Romania

Romania

Team sets sights on emerging markets

Continental Wind Partners, an American wind farm development company active in eastern Europe, Australia and New Zealand, says its portfolio of projects now sits at around 3700 MW, following the sale of 600 MW in Romania to the Czech state utility. The portfolio includes a further 500 MW in Romania, 1000 MW in Poland, 400 MW in Croatia and 1800 MW in the works in Australia and New Zealand. This story is linked to the main article Huge project lifts off in Romania.

Continental Wind Partners (CWP), an American wind farm development company active in eastern Europe, Australia and New Zealand, says its portfolio of projects now sits at around 3700 MW, following the sale of 600 MW in Romania to the Czech state utility (main story). The portfolio includes a further 500 MW in Romania, 1000 MW in Poland, 400 MW in Croatia and 1800 MW in the works in Australia and New Zealand, says CWP chief executive and founding partner Adam de Sola Pool. The Australian and New Zealand portfolio makes up about half the capacity of a 3600 MW pipeline in the two countries that CWP owns in a 50-50 joint venture with UK-based wind developer Wind Prospect.

Pool, an American, is one of four partners who set up CWP with their own funds in 2006 before opening up its capital to renewable energy investor Good Energies and others in early 2007. The other partners are fellow American Mark Crandall, CWP chairman, Australian Alex Hewitt and Monaco-based Fabrizio Cagnasso. The four make up an executive board that manages the company, which is now 21% owned by Swiss Good Energies.

Initially, CWP focused on projects in Romania and Poland, but has broadened its horizons since. "We are in the early stages in Bulgaria and Turkey and could look at Ukraine, the Baltics and all sorts of other places," Pool says.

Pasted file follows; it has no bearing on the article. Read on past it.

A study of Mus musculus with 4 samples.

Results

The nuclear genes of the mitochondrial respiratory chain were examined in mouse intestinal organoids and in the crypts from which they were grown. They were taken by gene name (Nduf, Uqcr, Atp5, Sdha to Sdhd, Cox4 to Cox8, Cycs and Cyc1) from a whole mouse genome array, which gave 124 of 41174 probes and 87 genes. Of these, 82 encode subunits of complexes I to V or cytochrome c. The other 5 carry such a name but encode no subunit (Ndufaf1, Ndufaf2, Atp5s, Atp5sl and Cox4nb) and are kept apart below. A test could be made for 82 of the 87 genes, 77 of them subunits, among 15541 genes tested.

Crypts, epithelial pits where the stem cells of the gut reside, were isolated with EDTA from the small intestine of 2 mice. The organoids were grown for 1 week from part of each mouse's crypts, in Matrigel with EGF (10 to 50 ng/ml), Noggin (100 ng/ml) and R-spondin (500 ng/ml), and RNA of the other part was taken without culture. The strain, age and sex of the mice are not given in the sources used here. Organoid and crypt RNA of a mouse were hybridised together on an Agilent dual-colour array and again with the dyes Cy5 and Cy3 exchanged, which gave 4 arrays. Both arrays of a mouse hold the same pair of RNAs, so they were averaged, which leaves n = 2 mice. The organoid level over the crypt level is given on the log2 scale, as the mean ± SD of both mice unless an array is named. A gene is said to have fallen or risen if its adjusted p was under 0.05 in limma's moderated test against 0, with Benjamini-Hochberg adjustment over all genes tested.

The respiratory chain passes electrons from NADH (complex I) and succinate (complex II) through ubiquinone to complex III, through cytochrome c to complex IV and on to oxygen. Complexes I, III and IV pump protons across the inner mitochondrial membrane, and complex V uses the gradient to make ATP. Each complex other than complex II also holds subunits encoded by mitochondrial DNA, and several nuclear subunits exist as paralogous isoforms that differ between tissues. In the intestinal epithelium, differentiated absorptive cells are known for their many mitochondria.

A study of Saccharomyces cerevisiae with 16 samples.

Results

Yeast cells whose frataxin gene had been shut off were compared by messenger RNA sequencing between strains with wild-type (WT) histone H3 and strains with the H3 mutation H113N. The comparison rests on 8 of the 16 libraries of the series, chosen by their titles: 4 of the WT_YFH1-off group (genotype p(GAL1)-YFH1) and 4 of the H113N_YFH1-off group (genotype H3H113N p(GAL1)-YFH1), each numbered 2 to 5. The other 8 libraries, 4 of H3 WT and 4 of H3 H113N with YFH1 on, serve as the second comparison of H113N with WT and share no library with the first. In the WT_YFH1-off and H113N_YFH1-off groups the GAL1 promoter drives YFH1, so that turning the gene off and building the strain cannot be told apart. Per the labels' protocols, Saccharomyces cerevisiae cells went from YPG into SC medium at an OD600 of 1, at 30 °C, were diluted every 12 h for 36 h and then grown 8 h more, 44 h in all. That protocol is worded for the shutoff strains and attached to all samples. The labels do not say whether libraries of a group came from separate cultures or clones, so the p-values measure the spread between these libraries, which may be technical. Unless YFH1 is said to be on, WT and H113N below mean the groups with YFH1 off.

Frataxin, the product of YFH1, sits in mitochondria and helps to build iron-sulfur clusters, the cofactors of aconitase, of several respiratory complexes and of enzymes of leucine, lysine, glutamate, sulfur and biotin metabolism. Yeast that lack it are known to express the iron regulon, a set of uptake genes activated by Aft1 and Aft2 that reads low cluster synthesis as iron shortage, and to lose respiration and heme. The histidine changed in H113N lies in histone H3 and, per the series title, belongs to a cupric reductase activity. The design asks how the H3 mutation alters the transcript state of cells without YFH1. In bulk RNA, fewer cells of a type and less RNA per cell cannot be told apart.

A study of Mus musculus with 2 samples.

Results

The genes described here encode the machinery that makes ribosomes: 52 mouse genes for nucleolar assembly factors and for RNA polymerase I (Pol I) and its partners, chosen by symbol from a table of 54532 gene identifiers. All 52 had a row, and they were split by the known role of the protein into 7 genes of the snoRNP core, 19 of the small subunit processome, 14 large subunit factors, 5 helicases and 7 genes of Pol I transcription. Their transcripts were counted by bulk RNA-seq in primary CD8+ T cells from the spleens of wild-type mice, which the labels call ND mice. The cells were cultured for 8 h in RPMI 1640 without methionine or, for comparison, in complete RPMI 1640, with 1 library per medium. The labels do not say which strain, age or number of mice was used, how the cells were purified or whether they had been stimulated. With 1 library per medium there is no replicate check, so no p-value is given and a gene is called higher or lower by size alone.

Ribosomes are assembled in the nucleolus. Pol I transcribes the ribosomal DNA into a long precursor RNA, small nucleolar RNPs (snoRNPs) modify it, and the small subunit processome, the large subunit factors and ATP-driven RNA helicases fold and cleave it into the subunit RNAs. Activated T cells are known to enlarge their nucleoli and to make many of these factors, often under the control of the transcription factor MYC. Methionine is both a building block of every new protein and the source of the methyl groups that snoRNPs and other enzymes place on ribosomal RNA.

An investment banker by trade, Pool set up the first environmental investment fund in central Europe in 1997. Crandall has extensive experience in energy, including establishing Morgan Stanley's energy business in the 1980s. He also leads a private equity firm, PostScriptum, which invests primarily in renewable energy. Hewitt is CWP's wind expert and has been talking with developers in central Europe and scouting out potential sites for the last several years. Cagnasso handles tax, compliance and legal issues.

"One of our hallmarks is that we are quite flexible and adaptable to local market conditions," says Pool. Some time down the road, CWP will be looking at fund raising again after the 2007 financing that brought investors such as Good Energies into the firm. "We will be raising more money," says Pool. "We haven't decided exactly how to do it or whether to do it for construction or operation. We have plenty of money for development, so that's not an issue."